Page last updated 28 April 2020
This is my checklist of things to do anytime I start a new class. Some of these points are echoed in this article How to Teach a Good First Day of Class. The specific things I do vary from class to class, depending on if the students are mostly math majors, or are mostly science/engineering majors, or are reluctantly taking math for their general education, but I always approximately follow this list.
Send out an non-compulsory survey like this one to the students before the first day. It’ll serve to give you an idea of the demographics of the class, and it’ll also open up the conversation between you and any student who would like to express their concerns to you before the course. For example, a couple times now students who had previous failed the course I’m teaching have responded to the survey to tell me this. It’s helpful to have these students identified immediately so that you can make sure they succeed this time.
Be familiar with the teaching space before actually having to work in there. Doing this allows you to notice and fix any logistical problems with the room, like if there is not computer, or if the whiteboards aren’t visible from some of the seats, or if the room is messy and needs to be cleaned.
Provide your name, email, office hours, course website, and campus resources link:
Tell them about other online resources like YouTube, and WolframAlpha, Desmos, and provide them with an online copy of the textbook. Remember to say that students don’t have to have questions to attend your office hours; they can simply come and hang out and work, because it may help them to have a designated time in their schedules to do the work for this class, and your office hours would make a good time.
Kinda obvious, but tell the students the logistics of the course. Try to make these logistics as simple as possible: You should be able to reasonably verbally tell them the mechanics of when homework is due, how to turn it in, how many exams there are, etc. The students shouldn’t have to refer to the syllabus as a “reference manual” for the course very often.
It’s important to give the students an accurate impression
of who you are professionally in relation to them.
If you’re the course instructor, then that relation is kinda obvious:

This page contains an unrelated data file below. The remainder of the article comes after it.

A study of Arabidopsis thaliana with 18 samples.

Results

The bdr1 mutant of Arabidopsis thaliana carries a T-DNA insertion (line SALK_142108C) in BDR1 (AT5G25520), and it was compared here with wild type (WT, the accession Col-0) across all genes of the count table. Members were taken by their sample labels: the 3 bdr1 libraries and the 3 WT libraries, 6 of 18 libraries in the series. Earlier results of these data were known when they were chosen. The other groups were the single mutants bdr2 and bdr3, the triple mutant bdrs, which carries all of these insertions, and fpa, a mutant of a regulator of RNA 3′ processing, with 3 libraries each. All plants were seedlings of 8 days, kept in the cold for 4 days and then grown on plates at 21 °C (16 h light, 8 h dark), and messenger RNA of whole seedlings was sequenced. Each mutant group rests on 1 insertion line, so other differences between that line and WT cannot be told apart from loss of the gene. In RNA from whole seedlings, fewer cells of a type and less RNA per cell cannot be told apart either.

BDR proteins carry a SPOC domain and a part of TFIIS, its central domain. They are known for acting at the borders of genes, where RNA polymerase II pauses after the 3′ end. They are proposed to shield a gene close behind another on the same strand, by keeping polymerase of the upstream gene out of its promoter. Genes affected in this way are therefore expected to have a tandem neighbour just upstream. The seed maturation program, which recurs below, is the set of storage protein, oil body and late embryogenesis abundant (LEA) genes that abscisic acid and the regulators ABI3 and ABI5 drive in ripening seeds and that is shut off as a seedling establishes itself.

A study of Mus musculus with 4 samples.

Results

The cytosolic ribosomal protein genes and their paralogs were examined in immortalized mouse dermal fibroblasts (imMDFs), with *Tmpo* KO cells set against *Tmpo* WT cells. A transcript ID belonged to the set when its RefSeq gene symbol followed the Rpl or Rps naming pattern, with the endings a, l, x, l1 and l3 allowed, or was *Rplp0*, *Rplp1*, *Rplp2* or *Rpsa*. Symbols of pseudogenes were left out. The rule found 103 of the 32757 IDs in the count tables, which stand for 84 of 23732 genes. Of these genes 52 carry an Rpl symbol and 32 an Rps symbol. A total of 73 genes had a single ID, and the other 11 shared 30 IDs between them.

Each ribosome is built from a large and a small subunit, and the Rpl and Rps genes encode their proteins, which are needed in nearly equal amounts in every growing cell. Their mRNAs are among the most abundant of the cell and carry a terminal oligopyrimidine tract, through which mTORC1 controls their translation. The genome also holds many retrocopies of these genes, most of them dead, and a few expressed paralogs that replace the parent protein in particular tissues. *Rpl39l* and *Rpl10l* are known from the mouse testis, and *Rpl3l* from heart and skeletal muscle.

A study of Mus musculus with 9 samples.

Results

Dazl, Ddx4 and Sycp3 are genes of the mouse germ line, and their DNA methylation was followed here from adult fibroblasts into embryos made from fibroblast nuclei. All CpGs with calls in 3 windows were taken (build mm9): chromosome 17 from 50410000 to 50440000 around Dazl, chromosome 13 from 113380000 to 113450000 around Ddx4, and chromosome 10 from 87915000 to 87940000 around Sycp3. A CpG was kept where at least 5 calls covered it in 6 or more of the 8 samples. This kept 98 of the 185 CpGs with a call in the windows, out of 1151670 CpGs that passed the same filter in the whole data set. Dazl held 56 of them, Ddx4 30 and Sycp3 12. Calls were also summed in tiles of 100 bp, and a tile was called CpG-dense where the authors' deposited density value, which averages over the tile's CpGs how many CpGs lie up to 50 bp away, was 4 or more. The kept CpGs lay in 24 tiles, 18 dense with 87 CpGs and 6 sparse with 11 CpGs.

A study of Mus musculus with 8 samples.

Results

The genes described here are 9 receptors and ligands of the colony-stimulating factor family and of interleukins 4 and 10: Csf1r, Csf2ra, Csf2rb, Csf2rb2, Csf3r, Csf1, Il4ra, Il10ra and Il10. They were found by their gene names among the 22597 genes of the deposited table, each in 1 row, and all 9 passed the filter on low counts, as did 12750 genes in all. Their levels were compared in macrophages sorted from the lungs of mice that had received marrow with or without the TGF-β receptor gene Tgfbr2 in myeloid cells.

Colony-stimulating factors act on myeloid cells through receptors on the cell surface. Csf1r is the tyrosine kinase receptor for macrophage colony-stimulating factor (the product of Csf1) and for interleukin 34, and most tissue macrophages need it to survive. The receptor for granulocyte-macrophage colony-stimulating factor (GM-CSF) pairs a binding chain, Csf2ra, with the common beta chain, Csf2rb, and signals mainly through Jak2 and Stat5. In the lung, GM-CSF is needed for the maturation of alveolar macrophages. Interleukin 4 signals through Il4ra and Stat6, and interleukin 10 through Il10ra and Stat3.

you’ll guide each class meeting however you do,
and then at the end of the term you have to
pass judgement upon them
assess their learning for the University.
If you’re a TA then this is a bit more important
because they won’t be sure how to regard you going in.
As a TA you can be more personable to them than the instructor,
especially if it’s a large class with many sections,
and you can designate myself as their primary contact
if they have questions.
In either position, make sure the students know
it’s okay to come to you with meta questions, like
“How am I doing in the course?”
Tell the students how the content of this course relies on ideas from the prerequisite courses, and give them an impression of how the ideas of this course will be useful in their future studies, especially courses in their major (so you need to read the surveys to know their majors). This will almost certainly entail giving the students an overview of the course.
Tell the students “Math is hard. When learning math your brain is trying to make connections between abstract patterns. But your brain is a squishy meat noodle historically used to find food and recognize danger. It’s not inherently good at dealing with abstract ideas, so it’s perfectly normal to experience a feeling of struggling when learning math. This feeling is just your brain working to make a connection while you work to understand a new idea, and it is through this work that you become better at math. Struggling is not an indicator that you’re bad a math or that you’re just dumb; it’s a normal feeling that comes with actively working to learn.”
Tell them their health and happiness are more important than success This needs to be said to the students periodically. They’re all so stressed out about grades and their future, and they’re all so afraid of failure. A calming reminder that their health and happiness matter and are more important than their academic success — maybe coupled with the mantra that happiness comes from within — will go a long way towards maintaining the students’ mental health.